News Brief

Murder of Kenyan Human Rights Lawyer Sparks Call for Nation-Wide Strike

The Law Society of Kenya is threatening to strike from Monday after human rights lawyer Willie Kimani was found dead, Friday.

The Law Society of Kenya is threatening to strike from Monday after human rights lawyer Willie Kimani was found dead, Friday.

The Law Society of Kenya’s Chairman Isaac Okero, is threatening to file a petition against the police boss Inspector General Joseph Boinnet, Deputy Inspector General Samuel Arachi and Interior Cabinet Secretary Joseph Ole Nkaissery, if they do not resign after Kimani’s body was found in a river.

Three police officers are suspected of killing Kenyan advocate Willie Kimani, his client Josephat Mwendwa and a taxi driver, Joseph Muiruri, but are yet to be named. Authorities found two bodies in a river north-east of Nairobi on July 1, that had been severely beaten and strangled causing outrage all over the country. Mwendwa’s body had been missing since June 23.

Kimani worked for the International Justice Mission, which is a U.S charity that tackles police abuse of power. He was defending Muiruri who accused an officer of allegedly shooting him in traffic. Kimani’s client complained of harassment as the case unfolded.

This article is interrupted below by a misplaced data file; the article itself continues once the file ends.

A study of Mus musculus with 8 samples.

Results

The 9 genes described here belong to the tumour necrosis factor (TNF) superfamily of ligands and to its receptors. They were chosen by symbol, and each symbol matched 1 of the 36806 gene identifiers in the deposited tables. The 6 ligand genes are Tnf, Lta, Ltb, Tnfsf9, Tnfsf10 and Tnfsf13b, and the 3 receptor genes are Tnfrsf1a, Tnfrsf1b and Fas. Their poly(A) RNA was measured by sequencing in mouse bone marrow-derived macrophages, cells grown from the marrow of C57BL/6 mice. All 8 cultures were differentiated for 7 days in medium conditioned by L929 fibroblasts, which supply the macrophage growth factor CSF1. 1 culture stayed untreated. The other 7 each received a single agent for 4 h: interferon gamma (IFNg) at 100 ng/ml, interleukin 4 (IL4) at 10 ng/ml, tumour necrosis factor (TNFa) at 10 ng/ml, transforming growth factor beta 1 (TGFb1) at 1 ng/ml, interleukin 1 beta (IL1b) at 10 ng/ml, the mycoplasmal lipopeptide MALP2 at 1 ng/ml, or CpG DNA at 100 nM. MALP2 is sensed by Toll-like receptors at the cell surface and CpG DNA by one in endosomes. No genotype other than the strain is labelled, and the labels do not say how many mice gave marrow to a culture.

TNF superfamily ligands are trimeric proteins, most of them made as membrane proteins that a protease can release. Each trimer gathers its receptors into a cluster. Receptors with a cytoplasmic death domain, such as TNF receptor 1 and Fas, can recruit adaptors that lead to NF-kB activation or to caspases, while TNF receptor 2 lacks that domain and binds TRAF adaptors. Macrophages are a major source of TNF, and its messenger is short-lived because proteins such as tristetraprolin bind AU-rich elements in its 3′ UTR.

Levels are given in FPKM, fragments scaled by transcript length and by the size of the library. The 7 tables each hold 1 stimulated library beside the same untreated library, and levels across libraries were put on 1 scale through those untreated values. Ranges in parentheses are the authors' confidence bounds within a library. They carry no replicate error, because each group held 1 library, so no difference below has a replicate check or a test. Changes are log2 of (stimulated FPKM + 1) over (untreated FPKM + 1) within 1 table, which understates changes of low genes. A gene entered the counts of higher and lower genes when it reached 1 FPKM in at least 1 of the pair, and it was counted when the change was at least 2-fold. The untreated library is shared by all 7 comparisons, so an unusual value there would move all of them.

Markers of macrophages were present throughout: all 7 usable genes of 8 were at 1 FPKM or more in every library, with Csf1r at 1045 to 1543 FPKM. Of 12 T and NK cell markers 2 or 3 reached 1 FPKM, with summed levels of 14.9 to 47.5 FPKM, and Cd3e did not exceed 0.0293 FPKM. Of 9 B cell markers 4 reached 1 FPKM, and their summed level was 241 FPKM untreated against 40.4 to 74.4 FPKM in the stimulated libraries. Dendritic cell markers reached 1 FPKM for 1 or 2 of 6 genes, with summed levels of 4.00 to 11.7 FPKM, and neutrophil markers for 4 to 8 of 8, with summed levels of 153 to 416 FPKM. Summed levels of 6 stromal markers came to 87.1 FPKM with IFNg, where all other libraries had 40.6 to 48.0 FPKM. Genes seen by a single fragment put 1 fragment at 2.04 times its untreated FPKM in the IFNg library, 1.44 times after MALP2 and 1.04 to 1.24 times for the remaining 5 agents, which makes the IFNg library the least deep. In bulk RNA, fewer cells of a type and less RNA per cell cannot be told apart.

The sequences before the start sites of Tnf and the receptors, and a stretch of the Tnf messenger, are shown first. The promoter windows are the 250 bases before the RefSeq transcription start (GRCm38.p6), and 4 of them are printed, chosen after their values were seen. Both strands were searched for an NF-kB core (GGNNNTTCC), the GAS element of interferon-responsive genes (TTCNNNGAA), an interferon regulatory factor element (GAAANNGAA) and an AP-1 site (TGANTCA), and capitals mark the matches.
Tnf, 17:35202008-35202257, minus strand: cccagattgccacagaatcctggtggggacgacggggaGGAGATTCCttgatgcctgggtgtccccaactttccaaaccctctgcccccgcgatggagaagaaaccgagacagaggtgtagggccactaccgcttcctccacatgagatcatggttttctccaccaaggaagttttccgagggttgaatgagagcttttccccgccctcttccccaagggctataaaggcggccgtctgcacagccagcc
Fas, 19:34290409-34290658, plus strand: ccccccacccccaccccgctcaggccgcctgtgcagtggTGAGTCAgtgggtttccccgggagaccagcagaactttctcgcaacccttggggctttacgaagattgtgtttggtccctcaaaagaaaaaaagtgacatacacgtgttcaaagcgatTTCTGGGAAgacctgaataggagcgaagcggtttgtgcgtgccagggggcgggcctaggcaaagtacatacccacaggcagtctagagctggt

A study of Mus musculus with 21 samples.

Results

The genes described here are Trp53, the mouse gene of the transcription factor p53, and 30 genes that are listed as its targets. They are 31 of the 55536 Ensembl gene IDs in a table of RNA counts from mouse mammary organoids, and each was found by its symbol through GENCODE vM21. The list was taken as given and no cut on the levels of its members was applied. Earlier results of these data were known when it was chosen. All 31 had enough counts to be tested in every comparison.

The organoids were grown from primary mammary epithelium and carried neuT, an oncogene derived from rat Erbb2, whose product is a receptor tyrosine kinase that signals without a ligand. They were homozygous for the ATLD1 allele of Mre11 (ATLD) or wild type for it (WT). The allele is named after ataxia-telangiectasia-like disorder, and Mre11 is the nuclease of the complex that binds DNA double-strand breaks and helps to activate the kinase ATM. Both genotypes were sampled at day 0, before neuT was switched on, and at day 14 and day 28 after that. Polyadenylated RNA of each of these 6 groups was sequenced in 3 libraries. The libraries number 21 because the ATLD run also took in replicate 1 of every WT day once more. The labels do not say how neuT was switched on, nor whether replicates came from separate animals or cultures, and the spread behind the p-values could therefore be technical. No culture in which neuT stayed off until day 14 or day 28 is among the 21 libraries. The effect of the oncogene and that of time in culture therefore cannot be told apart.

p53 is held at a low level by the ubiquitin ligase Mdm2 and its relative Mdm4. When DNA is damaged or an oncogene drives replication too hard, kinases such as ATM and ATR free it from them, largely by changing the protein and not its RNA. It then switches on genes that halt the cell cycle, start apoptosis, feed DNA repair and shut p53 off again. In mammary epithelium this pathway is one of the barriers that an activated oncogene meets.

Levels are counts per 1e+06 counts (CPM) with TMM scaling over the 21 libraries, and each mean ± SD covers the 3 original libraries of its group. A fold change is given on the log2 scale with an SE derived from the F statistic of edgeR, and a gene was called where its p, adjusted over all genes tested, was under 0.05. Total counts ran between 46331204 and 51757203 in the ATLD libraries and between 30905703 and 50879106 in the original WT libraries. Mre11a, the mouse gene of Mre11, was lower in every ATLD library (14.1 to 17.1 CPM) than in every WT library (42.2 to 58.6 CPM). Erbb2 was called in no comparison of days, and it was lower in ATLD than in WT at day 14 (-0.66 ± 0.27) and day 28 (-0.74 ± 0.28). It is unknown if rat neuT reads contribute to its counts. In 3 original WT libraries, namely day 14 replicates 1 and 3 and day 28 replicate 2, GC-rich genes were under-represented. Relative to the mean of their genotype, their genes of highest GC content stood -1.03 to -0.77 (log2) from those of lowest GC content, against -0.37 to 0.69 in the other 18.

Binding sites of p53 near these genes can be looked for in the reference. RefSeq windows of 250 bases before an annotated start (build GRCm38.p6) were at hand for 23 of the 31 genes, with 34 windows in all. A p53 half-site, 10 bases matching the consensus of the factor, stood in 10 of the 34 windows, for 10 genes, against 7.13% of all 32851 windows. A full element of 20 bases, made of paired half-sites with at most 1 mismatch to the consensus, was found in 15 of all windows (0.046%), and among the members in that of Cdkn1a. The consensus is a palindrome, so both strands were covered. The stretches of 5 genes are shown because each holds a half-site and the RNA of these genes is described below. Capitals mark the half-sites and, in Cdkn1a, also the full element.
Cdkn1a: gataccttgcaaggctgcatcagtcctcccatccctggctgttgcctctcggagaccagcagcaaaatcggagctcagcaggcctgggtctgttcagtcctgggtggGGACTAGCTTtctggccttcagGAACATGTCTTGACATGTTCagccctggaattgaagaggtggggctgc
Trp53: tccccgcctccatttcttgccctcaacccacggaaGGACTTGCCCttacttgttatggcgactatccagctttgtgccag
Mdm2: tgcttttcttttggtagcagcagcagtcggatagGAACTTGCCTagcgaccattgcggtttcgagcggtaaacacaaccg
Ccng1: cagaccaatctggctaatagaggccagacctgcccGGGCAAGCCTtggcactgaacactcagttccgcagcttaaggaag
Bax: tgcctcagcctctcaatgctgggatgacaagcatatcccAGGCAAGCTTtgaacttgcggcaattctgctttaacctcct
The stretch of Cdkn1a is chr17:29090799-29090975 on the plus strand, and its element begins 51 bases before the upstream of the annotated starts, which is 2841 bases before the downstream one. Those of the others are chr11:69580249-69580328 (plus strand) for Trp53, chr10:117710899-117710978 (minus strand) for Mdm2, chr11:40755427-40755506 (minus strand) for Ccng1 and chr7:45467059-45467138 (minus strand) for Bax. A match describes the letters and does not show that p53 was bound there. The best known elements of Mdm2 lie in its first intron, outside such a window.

"There is circumstantial evidence to link the three officers to the murder of the three. They will face charges including murder,” said police chief Joseph Boinnet, adding that the suspects have been arrested.

Okero said: “Lawyers are becoming a target because of their work,” adding: “Today is a sad day, we have lost one of our own who is lying at the City mortuary. The rule of law is under a serious threat, where the guardians of the rule of law (lawyers) risk their lives. Then every Kenyan must be afraid. We feel that this failure by those charged with the security of the country cannot be tolerated.”


7 Gengetone Acts You Need to Check Out

The streets speak gengetone: Kenya's gengetone sound is reverberating across East Africa and the world, get to know its main purveyors.

Sailors' "Wamlambez!"Wamlambez!" which roughly translates to "those who lick," is the cry the reverberated round the world, pushing the gengetone sound to the global stage. The response "wamnyonyez" roughly translates to "those who suck" and that should tell you all you need to know about the genre.

Known for its lewd lyrics and repetitive (often call and response) hooks, gengetone makes no apologies for belonging to the streets. First of all, most artists that create gengetone are grouped into bands with a few outliers like Zzero Sufuri riding solo. The songs themselves often feature a multiplicity of voices with screams and crowds coming through as ad libs, adding to this idea that this is definitely "outside" music.

Listening to Odi wa Muranga play with his vocal on the track "Thao" it's easy to think that this is the first, but gengetone fits snuggly in a history of sheng rap based on the kapuka style beat. Kapuka is onomatopoeically named, the beats have that repetitive drum-hat-drum skip that sounds like pu-ka-pu-ka-pu. Artists like Nonini were asking women to come over using this riff long before Ochungulo family told them to stay home if they aren't willing to give it up.

Here's seven gengetone groups worth listening to.